General Motors Corp. is fed up. And so are other automakers with the high cost and unpredictable supply of palladium, used in catalytic converters to cut emissions.

As a result, the major players in the auto industry are taking steps to significantly reduce use of the precious metal — a critical element during the past decade or so to making cars and trucks run significantly cleaner.

GM, quite possibly the world's largest consumer of palladium, is aiming to reduce its use by 40% to 60% during the next three to four years. As much as half of that reduction might be attained this year, adds a company spokesman. “We're trying to reduce our dependence on palladium,” the spokesman says. “We want stable supplies at predictable costs.”

Other automakers aren't sitting still, either. Honda Motor Co. Ltd. owns 10% of Catalytic Solutions Inc., an Oxnard, CA-based company that is developing an ultra-low palladium catalyst. GM and Ford Motor Co. are rumored to be considering Catalytic Solutions' technology. Nissan Motor Co. Ltd. also is saying it wants to achieve better catalyst results with far less palladium.

In an effort to meet tightening regulations for tailpipe emissions, automakers began loading up catalytic converters with palladium in the early 1990s because it was relatively affordable, and it considerably enhanced emission control performance.

But palladium has risen from $120 an ounce in 1997 to all-time highs of more than $1,000 an ounce earlier in January. Prices have gone down since then — to around $660 an ounce in early May — but that's apparently still too expensive for automakers.

Besides the price, supply is erratic. Russia mines about 70% of the world's annual palladium output. In the past several years Russia has left industries guessing about the timing and size of palladium shipments by holding up export quotas and licenses in bureaucratic processes. For example, without any warning Russia halted palladium shipments in early December last year for the remainder of 2000 claiming domestic producers had used up all the available export licenses. Russia also keeps a tight lid on the quantity of its palladium deposits; no one knows for sure how much is left.

As a result, automakers have decided to go on a diet. The auto industry is the largest user of palladium. It consumes about 160 of the 250 tons produced each year.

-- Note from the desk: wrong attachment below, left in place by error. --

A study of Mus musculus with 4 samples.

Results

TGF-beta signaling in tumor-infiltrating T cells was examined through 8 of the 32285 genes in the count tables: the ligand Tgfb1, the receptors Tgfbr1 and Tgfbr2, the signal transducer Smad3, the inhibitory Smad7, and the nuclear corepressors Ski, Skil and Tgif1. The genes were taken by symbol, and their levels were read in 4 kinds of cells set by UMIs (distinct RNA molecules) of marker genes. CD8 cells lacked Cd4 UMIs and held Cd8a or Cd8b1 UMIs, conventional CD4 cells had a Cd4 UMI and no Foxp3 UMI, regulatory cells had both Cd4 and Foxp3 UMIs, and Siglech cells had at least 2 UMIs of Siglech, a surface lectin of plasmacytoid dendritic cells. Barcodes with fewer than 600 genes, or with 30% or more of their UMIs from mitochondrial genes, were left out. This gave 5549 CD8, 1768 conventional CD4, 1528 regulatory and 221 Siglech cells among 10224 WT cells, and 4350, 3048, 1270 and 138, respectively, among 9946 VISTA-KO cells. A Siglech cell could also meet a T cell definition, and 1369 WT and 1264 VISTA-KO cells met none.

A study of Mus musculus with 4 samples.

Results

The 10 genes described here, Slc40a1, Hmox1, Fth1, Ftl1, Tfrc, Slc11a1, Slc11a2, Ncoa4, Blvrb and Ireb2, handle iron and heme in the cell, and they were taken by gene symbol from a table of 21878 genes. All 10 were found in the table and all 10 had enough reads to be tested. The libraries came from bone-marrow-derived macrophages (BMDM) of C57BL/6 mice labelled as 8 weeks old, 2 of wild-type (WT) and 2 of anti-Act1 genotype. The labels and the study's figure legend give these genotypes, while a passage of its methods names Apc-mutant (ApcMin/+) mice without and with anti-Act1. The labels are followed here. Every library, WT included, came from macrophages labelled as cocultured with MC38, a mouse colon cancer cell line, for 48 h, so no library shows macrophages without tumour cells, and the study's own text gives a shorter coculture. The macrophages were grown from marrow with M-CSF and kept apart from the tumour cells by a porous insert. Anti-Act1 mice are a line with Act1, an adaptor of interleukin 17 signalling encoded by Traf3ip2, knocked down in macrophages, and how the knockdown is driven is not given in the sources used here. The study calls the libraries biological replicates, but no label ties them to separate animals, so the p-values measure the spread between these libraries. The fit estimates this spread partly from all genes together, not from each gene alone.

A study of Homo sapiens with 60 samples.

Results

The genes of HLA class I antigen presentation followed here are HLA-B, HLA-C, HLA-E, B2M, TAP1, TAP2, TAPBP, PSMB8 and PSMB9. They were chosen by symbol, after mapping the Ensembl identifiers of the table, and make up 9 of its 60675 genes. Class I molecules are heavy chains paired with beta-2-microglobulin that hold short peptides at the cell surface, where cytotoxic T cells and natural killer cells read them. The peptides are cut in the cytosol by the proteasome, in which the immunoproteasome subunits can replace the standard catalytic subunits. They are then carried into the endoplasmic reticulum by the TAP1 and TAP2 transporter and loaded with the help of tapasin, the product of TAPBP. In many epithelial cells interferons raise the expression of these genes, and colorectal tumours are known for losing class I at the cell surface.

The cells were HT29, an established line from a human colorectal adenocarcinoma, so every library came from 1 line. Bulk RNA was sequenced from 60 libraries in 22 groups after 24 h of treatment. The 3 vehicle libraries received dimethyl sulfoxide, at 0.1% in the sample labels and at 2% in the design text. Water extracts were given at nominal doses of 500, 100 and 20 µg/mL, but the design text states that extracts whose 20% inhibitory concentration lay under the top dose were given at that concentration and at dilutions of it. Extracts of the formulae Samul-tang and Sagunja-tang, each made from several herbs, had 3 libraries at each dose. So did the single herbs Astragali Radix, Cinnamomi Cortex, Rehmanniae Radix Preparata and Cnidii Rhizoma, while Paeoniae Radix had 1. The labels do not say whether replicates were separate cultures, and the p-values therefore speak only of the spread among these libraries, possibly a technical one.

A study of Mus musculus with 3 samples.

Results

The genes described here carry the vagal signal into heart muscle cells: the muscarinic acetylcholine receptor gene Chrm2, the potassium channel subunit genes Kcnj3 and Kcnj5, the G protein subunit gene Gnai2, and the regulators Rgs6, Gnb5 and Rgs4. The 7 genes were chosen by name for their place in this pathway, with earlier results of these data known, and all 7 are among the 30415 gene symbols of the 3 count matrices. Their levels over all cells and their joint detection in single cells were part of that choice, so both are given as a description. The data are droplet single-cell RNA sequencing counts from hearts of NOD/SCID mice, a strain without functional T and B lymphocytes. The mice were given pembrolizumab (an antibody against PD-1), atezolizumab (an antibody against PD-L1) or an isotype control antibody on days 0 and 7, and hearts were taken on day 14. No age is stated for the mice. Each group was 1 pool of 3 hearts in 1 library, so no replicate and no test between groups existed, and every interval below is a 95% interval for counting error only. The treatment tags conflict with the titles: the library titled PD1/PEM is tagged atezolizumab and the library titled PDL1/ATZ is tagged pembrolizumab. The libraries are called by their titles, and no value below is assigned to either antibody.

GM is cutting back on palladium mainly via engine calibration and other systems engineering solutions, such as locating the catalytic converter closer to the exhaust manifold so it warms up faster and reduces cold start time, which is when a catalytic converter is least effective. Also enabling GM's rather quick palladium reduction pace are the cleaner fuel standards set to kick in for 2003 that will reduce the amount of sulfur in gas. “That basically means there will be less junk to catalyze,” explains the GM spokesman.

Beyond its own efforts and cleaner fuel, GM is considering technology developed by Catalytic Solutions. Keeping the details of its technology proprietary, Catalytic Solutions claims it can achieve better catalyst performance by combining very small amounts of palladium with oxides, such as lanthanum, that are widely available, cheap and environmentally friendly.

Depending on the vehicle application and catalyst demands, different combinations of palladium and oxides are needed, explains Catalytic Solutions Chief Executive Bill Anderson. Heating and treatment of palladium and oxides also vary accordingly. Mr. Anderson says Catalytic Solutions is seeing a 50% to 70% reduction of palladium in work with Honda.

OEM development cost savings — separate from material cost savings — are estimted at $40 to $50 per vehicle with a 2L 4-cyl. engine and $350 to $500 for a high-performance sedan. Not only are automakers spending less on the precious metal for each vehicle, they're also depleting inventories slower. That makes it easier for vehicle manufacturers to ride out wild price fluctuations.

With the anticipated cost savings and stricter emission regulations due to kick in during the 2004-'07 timeframe, it's easy to see why Catalytic Solutions, Degussa Metals Catalysts Cerdec Corp. and other companies offering similar solutions are attracting increasing attention from automakers, especially from those with more pressing cost concerns. “General Motors has been very aggressive in what we'll call the thrifting of precious metals,” reveals Mr. Anderson.

Somewhat surprisingly, Catalytic Solutions' fortunes are not tied to the lifespan of gasoline and the internal combustion engine. The company is developing catalytic coatings for alternative fuels and plans to have product offerings for diesel engines. “We're certainly ready to pursue that direction,” Mr. Anderson says.

As for fuel cells, current technology requires twice as much precious metal as typical catalysts. Reducing the use of costly precious metal will help make fuel cells commercially viable sooner.